When everything is up for grabs, and there is no concept of anything resembling an absolute, then society will dissolve in chaos. This can be gradual, as we have seen in the United States, or almost in the blink of an eye, as we saw in post-World War I Germany and Austria-Hungary. Once the solid anchor of private property is gone from a society, pure moral relativism always takes over, especially if order is restored by someone or a group that forces its personal vision on the rest of society, as Hitler and the Nazis did in the 1930s.
That is why the only truly viable option for restructuring the social order “according to the principles of sound philosophy and to its perfection according to the sublime precepts of the law of the Gospel” (Quadragesimo Anno, § 76) in light of such massive confusion is, first, to clarify the three principles of economic justice:
• Participation or “Participative Justice.” “Participation” is the input principle that all people have a right to live in a culture that offers them equality of dignity and opportunity to contribute their labor as well as their capital, to the production of marketable goods and services by removing barriers that inhibit or prevent equal opportunity for all. This requires equal access to the means of acquiring property in income-producing capital. As technology displaces or replaces labor, the ownership of capital becomes essential for a person in the modern world to earn a living. Such social means are necessary for all members of a society or wealth-producing institution to exercise their fundamental rights to become empowered to contribute to the success of the whole and to their personal success.
• Distribution or “Distributive Justice.” “Distribution” is the out-take principle — based on the exchange value of one’s economic contributions — that all people have a right to receive a proportionate, market-determined share of the value of the marketable goods and services they produce with their labor, their capital, or both. Under Kelso’s binary theory of economics, every person is entitled to earn both from their human or “labor” contributions and from their capital contributions (non-human things in the form of productive land and humanly-created capital assets) that combine to produce all goods and services sold in the market. Kelso rejected the “Labor Theory of Value,” which ignores the reality of ever-advancing technologies that continue to eliminate many jobs throughout the world. Further, distribution based on need, rather than on contribution, is valid for charity. Charity, however, should never be a substitute for justice that could reduce the need for charity.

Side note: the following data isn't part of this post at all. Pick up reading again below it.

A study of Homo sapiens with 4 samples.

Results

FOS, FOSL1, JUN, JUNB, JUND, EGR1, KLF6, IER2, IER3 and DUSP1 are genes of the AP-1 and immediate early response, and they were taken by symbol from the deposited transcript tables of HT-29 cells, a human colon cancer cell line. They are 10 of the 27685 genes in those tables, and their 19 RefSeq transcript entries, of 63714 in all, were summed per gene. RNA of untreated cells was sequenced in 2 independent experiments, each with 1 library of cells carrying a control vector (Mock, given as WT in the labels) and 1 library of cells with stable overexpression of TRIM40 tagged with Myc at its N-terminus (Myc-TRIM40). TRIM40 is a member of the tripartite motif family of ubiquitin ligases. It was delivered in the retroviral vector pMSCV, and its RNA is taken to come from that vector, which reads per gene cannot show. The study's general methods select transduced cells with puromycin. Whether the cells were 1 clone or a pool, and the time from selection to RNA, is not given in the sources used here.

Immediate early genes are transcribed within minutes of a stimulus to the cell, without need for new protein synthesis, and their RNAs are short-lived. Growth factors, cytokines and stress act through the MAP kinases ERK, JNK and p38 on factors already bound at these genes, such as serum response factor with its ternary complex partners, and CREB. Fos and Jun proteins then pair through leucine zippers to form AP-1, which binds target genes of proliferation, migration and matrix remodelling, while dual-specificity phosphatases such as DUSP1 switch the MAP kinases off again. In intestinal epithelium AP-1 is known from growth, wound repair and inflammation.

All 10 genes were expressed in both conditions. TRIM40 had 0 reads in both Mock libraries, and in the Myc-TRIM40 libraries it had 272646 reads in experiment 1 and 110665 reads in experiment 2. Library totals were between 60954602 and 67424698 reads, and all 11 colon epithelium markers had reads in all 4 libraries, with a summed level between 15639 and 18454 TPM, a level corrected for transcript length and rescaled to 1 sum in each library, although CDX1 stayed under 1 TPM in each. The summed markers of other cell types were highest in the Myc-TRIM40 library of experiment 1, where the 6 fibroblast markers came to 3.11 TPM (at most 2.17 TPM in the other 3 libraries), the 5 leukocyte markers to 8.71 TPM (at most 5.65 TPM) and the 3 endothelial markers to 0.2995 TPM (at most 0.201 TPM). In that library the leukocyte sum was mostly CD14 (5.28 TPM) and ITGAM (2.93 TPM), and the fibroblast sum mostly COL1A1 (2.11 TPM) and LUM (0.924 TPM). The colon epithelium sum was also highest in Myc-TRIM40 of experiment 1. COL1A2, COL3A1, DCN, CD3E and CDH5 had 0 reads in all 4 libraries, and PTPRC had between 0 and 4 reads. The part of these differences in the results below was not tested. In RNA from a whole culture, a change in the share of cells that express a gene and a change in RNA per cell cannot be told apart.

• Feedback or “Social Justice” (formerly “Limitation”). “Social justice” is the feedback principle that balances “participation” and “distribution” when either essential principle is violated by the system. Social justice includes a concept of limitation that discourages personal greed and prevents social monopolies. It holds that every person has a personal responsibility to organize with others to correct their organizations, institutions, laws and the social order itself at every level whenever the principles of “participation” or “distribution” are violated or not operating properly.
Only when the three principles of economic justice are clearly understood will it be possible to organize to carry out acts of social justice directed toward removing barriers that inhibit or prevent full and equal opportunity to participate in the institutions of the common good — particularly access to the means of acquiring and possessing private property in capital.
Can widespread capital ownership truly be that important? Yes. “Power,” as Daniel Webster observed during the Massachusetts Constitutional Convention of 1820, “naturally and necessarily follows property.”
If society is to be restructured to conform to the precepts of the natural law and guided by the precepts of the supernatural law, then ordinary people must have the power to act in conformity with their own nature — which is rational, that is, reasonable. This power may sometimes be gained by pure “people power,” as it was in the civil rights movement, but it cannot be sustained or maintained without “ownership power.”
Thus, as Leo XIII declared, “We have seen that this great labor question cannot be solved save by assuming as a principle that private ownership must be held sacred and inviolable. The law, therefore, should favor ownership, and its policy should be to induce as many as possible of the people to become owners.” (Rerum Novarum, § 46.) Yes, Leo XIII specified “labor question,” but it is clear from the context that he was addressing the whole of the “social question”: how to restore a just social order, and thus respect for the dignity of the human person under God.